Four months after the Senate passed a public lands package reauthorizing the Land and Water Conservation Fund, its backers are still pushing Congress to fund the program at its full authority.

Sens. Jon Tester and Steve Daines, who supported the program’s reauthorization this year, continued their efforts this week to see the program receive its full $900 million commitment.

That has happened only twice since the program was authorized in 1965.

“LWCF is the best conservation tool we have,” Tester said this week. “But the fight to fund the program every year puts our public lands — and the people and businesses that rely on them — in jeopardy.”

Tester first introduced a bill to reauthorize and fully fund the program in 2009 and has done so every Congress since. But the Trump administration is looking to zero out the program’s funds, even though the money comes from royalties collected on offshore drilling, not taxpayer dollars.

LWCF takes that funding and uses it to preserve habitat, create new parks and provide access to public lands, among other things. Since its establishment, it has invested roughly $540 million to support outdoor recreation in Montana.

That included open space on Mount Jumbo and Mount Sentinel, along with five of the eight fishing access sites along the Bitterroot River.

Addressing members of the Senate Committee on Energy and Natural Resources this week, Daines described LWCF as vital to Montana’s economy and way of life, and he urged his colleagues to fund the program at its fully $900 million authority.

“While enacting permanent reauthorization was important to ensure the American people the program was going to stay, there is substantial need in Montana to provide the certainty that funding will also exist year after year,” Daines said. “LWCF has been absolutely critical to the state of Montana.”

During the hearing, Daines asked Collin O’Mara, president of the National Wildlife Federation, to speak on the program’s importance. O’Mara called it “the most important step” the nation can take toward conservation.

“Allowing that kind of access creates opportunities for local economies in desperate need of more opportunities right now,” O’Mara added. “There are a lot of priorities before Congress, but this is definitely one of our top priorities to try and get done this year.”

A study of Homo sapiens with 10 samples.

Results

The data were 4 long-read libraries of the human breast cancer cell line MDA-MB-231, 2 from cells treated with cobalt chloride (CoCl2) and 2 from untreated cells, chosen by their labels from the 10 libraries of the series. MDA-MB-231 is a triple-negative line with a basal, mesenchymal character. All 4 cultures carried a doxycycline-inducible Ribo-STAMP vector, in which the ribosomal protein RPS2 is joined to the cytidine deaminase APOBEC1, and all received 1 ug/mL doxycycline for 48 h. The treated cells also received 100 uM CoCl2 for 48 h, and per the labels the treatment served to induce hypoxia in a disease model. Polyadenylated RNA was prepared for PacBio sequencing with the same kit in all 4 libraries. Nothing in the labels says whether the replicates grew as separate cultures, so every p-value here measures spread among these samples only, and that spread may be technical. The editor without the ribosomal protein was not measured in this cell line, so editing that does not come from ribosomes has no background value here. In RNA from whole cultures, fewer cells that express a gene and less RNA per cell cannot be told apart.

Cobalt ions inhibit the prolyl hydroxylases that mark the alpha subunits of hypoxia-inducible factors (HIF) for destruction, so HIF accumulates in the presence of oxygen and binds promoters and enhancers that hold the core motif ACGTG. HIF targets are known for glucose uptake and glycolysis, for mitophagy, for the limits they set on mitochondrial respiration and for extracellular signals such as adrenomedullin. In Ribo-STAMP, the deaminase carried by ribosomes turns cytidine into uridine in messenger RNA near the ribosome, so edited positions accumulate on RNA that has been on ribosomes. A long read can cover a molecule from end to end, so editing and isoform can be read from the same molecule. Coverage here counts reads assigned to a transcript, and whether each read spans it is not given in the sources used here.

It’s also a priority for elected officials across the West, including a dozen from Montana. Earlier this month, 151 civic leaders signed a national letter to members of Congress urging them to fully fund the program.

The signers included the entire Whitefish City Council and Missoula City Council chairman Bryan von Lossberg, along with officials in Helena and Red Lodge. The city of Missoula also passed a resolution last year calling for the program’s restoration.

President Trump and Secretary of Interior David Bernhardt’s proposed Fiscal Year 2020 budget fails to fund LWCF at its full amount. Instead, it proposes a near elimination of LWCF funding.

“Many projects funded by the LWCF have an uncertain future due to the current lack of funding and historically unpredictable nature of funding for the program,” the letter reads in part. “We urge you to pass full and dedicated funding to ensure our public lands receive the protection they deserve now and into the future.”

The letter also notes the value of outdoor recreation and the role in plays in rural economies. For every $1 invested in the program, the letter suggests, it nets a $4 return.

“It’s critical to supporting our $7 billion outdoor economy,” Daines said. “And that’s just the tip of the iceberg. If you look at the reason companies are growing and the reason people are moving to Montana, it’s because of the access to our public lands and the way of life we have.”